By Nina Renata Aron
Jan 25 2017
In 1967, when Ron Jones, a 25-year-old social studies teacher in Palo Alto, California, set out to teach his 10th grade students about the events leading up to the Holocaust, he found that many of them couldn’t get over the question of how ordinary Germans had been coerced into complicity with the regime.
Jones, by all accounts a charismatic, well-loved, “cool” teacher, decided that the best way to teach students how easily people can be swayed by fearsome leaders or swept up by ideology was to demonstrate it.
“We’re going to do an experiment, a non-threatening experiment,” Jones told his students one day, according to a former student. He began acting more stern than usual, and unveiled a new set of rules by which he expected they’d abide in the classroom. It was jarring, but, like any diversion from the monotony of high school, it was also fun, at first.
Jones says he thought the experiment would only last a day. But when he arrived the following day, all of the students were already sitting bolt upright at their desks. “Good morning, Mr. Jones!” they said in unison, as they’d been told to do the day before. According to a former student, Jones did a double take. “Oh my gosh,” he gasped. The experiment continued.
“The first few days, the Third Wave was a game. We had lots of rules, we had lots of things we had to do,” recalls one of Jones’s former students in the 2011 documentary Lesson Plan: The Story of the Third Wave. They included saluting one another with a Nazi-style hand gesture, standing to ask questions (which had to be posed in three words or less), and working on a nebulous project to “eliminate democracy.” Unity was central to the Third Wave’s ethos, and the group made banners bearing their logo, which read “Strength through Involvement” and “Strength Through Discipline.” The students were also prohibited from gathering in groups larger than two (though a school newspaper from the time says it was three).
The students were told that if they went along with the experiment, they’d get an “A.” If they tried to overthrow Jones in any way, they’d get an “F.” If they refused to participate, they’d be banished to the library.
Perhaps most importantly, Jones told them that participation in the Third Wave was all-encompassing: the rules applied in class and at school, but also outside of school, and even at home. If you saw a fellow member and failed to salute them, you could be reported and tried. A conviction for breaking the rules would mean you’d be sent to the library — that is, cast out of the Third Wave. “You never knew who was going to come in the next morning and turn you in. All the lines of communication between students were broken down because of that,” one student remembers.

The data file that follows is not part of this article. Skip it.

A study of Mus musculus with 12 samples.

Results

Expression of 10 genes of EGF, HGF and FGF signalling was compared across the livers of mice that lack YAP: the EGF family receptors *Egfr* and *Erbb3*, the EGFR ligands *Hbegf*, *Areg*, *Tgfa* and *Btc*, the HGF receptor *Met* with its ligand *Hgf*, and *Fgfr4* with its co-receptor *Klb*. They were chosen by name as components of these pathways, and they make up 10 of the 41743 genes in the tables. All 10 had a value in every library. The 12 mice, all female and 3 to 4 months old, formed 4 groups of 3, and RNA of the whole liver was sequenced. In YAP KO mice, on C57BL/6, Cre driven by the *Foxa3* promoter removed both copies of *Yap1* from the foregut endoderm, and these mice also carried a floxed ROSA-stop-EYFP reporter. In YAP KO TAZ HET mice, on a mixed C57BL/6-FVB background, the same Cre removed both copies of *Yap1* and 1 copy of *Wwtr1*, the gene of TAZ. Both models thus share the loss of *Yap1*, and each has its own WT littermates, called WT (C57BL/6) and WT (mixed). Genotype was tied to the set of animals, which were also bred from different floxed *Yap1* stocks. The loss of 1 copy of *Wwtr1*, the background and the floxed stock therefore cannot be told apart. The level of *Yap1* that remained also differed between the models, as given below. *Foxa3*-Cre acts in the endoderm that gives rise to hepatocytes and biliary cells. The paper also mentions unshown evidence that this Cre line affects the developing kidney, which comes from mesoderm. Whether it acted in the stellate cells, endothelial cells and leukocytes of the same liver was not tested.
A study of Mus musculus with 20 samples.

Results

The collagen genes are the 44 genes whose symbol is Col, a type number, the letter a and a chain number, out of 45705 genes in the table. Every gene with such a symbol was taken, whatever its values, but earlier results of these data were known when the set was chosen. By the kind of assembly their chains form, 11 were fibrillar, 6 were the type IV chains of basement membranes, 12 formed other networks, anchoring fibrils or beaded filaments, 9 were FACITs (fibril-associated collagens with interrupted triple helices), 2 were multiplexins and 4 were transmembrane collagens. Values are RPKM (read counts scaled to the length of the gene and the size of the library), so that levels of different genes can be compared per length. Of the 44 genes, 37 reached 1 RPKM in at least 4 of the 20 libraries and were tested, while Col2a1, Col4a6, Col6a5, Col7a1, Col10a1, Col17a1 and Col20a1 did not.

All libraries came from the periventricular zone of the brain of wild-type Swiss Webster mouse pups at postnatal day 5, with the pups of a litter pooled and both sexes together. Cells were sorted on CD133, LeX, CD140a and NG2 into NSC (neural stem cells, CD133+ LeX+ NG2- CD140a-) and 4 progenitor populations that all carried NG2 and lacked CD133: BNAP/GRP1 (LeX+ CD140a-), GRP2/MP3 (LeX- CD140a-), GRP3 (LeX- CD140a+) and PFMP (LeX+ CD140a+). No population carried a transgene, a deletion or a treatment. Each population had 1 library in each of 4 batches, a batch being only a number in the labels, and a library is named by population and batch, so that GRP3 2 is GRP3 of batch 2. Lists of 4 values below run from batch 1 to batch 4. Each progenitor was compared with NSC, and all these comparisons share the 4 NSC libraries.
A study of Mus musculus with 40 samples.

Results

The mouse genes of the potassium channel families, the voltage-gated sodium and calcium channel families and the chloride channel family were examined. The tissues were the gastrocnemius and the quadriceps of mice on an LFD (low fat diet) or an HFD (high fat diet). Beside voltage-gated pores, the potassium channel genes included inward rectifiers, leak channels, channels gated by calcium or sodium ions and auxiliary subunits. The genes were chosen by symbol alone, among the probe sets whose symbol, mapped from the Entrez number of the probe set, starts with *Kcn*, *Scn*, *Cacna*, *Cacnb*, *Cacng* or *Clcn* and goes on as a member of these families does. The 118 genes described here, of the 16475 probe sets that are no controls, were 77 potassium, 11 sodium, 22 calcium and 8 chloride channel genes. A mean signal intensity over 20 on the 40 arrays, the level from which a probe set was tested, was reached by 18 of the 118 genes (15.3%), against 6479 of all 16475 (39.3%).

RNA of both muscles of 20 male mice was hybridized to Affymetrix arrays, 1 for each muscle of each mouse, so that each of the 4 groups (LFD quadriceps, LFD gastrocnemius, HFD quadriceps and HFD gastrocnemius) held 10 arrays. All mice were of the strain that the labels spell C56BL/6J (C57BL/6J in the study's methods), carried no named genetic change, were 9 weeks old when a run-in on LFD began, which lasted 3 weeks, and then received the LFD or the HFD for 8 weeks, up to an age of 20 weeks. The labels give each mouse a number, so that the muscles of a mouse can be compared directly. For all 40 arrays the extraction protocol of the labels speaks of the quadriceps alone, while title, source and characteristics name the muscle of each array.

In a radio interview, a former student describes the climate of fear that was quick to develop among students, “rumours on top of rumours.” Trust between students, even those who’d been friends, were quick to erode. The heavy emphasis on “unity” was undercut by the atmosphere of suspicion that Jones’s expectations had created.
By just the fourth day, Jones felt he was losing control over the experiment. It had attracted the attention of other students and the movement had grown — there was even an active resistance to it. Jones decided it had to end. He announced to students that the Third Wave was part of a national movement and asked them to attend a rally the following afternoon at which a presidential candidate would be announced. When the students arrived at the auditorium the following day, Jones unveiled a screen that was playing only static. After a few minutes of near-silent squirming, Jones revealed to the students that they’d been part of an experiment in planting the seeds of fascism. He ended the meeting by playing a film about Nazism.
Students describe relief when the experiment was over. Some were horrified that they’d so neatly played out a transition to fascistic thought and behavior. Others simply confirmed that their hunches about the creepy new classroom vibe were right.
The experiment went on to be fictionalized in the 1981 after-school special The Wave, and a 2008 German film by the same name (Die Welle). Jones’s experiment had many detractors, including some parents and fellow faculty who thought he was taking advantage of his power to unfairly indoctrinate a captive audience—rather than simply educating them about indoctrination. When Jones came up for tenure two years later, he was denied.
But as a simulation of the normalization of fascism — the pleasure of membership, the creeping thrill of exclusion, and the comfort of discipline and rules — the experiment was unquestionably a success. It vividly illustrated the chilling conclusion theorist Hannah Arendt came to at the trial of Nazi war criminal Adolf Eichmann: that most members of the SS were “neither perverted nor sadistic,” but rather, “terribly and terrifyingly normal.”